I’ve been promising myself (and my mother) for several years that I would start writing letters. One would think my raging addiction to stationery and note cards would automatically have me using them, but, well, other than thank you notes, not so much.
I have kept a journal for decades and poured all my thoughts and feelings into it (an average of 70 pages a month). But I realized that, while my journals hold all the evidence of how much I care for friends and family, they aren’t going to share. That’s on me.
So this year is the year of letters. And though I’ve written about two dozen at this point, I’ve already learned a few interesting things:
- Writing letters satisfies the same need/urge as writing in a journal. In fact, I’m writing much less in the journal as I’m taking that drive into letters.
- People really do appreciate receiving them. Whether it’s a happy break from bills and “current resident” mail or the fact that someone took the time and spent the money on a stamp, or both, letters have been met with surprised pleasure.
- Technology dies hard. I write and receive Skype or email in return, but I told everyone at the outset there was no pressure to write me back. I am particularly amused by the older generation, for whom letters were standard, but now Skype me a response.
- The younger generation struggles with reading cursive handwriting. Some schools are even dropping penmanship from their curriculum, which gets me on my soap box every time the subject comes up. I won’t print for them, though. It’s a skill we’ll need for several generations, yet. I don’t want to think of a world in which people no longer write by hand.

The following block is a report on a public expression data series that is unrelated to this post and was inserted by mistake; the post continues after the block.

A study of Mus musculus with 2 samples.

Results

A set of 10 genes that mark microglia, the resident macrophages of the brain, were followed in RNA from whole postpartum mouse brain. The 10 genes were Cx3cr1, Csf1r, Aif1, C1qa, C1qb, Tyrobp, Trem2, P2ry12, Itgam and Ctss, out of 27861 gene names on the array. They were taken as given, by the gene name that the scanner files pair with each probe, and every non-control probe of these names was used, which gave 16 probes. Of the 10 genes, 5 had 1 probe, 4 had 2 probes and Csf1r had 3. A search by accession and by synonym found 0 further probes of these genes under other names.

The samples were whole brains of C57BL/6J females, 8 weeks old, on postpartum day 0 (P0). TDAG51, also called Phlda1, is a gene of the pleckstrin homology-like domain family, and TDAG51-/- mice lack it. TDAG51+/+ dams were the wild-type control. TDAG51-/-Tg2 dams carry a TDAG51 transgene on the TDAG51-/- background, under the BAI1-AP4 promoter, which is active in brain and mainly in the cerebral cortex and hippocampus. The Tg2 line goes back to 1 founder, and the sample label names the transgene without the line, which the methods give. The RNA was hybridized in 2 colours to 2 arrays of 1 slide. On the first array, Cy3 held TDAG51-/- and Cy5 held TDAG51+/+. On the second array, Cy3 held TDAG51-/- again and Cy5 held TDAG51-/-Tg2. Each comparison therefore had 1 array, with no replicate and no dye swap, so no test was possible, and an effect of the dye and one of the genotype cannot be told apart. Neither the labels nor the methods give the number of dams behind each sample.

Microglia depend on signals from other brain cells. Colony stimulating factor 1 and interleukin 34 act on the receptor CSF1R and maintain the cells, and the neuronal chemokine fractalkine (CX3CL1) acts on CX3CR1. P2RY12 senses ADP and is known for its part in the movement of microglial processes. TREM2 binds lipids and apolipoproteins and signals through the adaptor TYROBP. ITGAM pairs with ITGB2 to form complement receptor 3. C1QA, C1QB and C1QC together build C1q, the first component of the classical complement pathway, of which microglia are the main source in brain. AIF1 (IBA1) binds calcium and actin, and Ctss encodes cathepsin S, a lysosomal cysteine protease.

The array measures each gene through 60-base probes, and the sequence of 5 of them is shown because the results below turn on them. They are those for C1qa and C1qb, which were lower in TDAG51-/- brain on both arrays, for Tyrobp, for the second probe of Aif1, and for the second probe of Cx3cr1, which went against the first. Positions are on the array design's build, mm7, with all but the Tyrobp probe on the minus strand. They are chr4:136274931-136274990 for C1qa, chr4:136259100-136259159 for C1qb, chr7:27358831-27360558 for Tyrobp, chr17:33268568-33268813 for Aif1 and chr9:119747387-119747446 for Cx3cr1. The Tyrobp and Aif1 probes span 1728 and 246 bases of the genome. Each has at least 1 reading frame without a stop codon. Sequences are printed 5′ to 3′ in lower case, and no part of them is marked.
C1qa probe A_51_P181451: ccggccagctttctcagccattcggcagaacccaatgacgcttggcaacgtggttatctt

- I’ve learned that I can write from my heart, just as I do in my journal, and let people get to know me in a way I haven’t for most of my adult life. A letter is a gift of oneself. It’s a tangible bit of caring that can be held in the hand instead of living in a device.
Letter-writing really is becoming a lost art. I certainly can’t revive it on my own, but perhaps my efforts will cause a few ripples in the people I write to and keep it alive a little longer. I’ll let you know how the year of letters is progressing as the year goes on, but today I am hopeful that I have established a new habit and that I will be able to share my inner self with the people I care about in ways that journals don’t allow.
Have you felt the same urge? Have you wanted to write letters or do you already? We’re writers here, so I imagine more of us write them than the general population. If we don’t write them, who will?
What do you think will happen if personal correspondence moves entirely to electronic means? Will our great-grandchildren read about letters in history class?
What is your reaction when you receive a personal letter in the mail?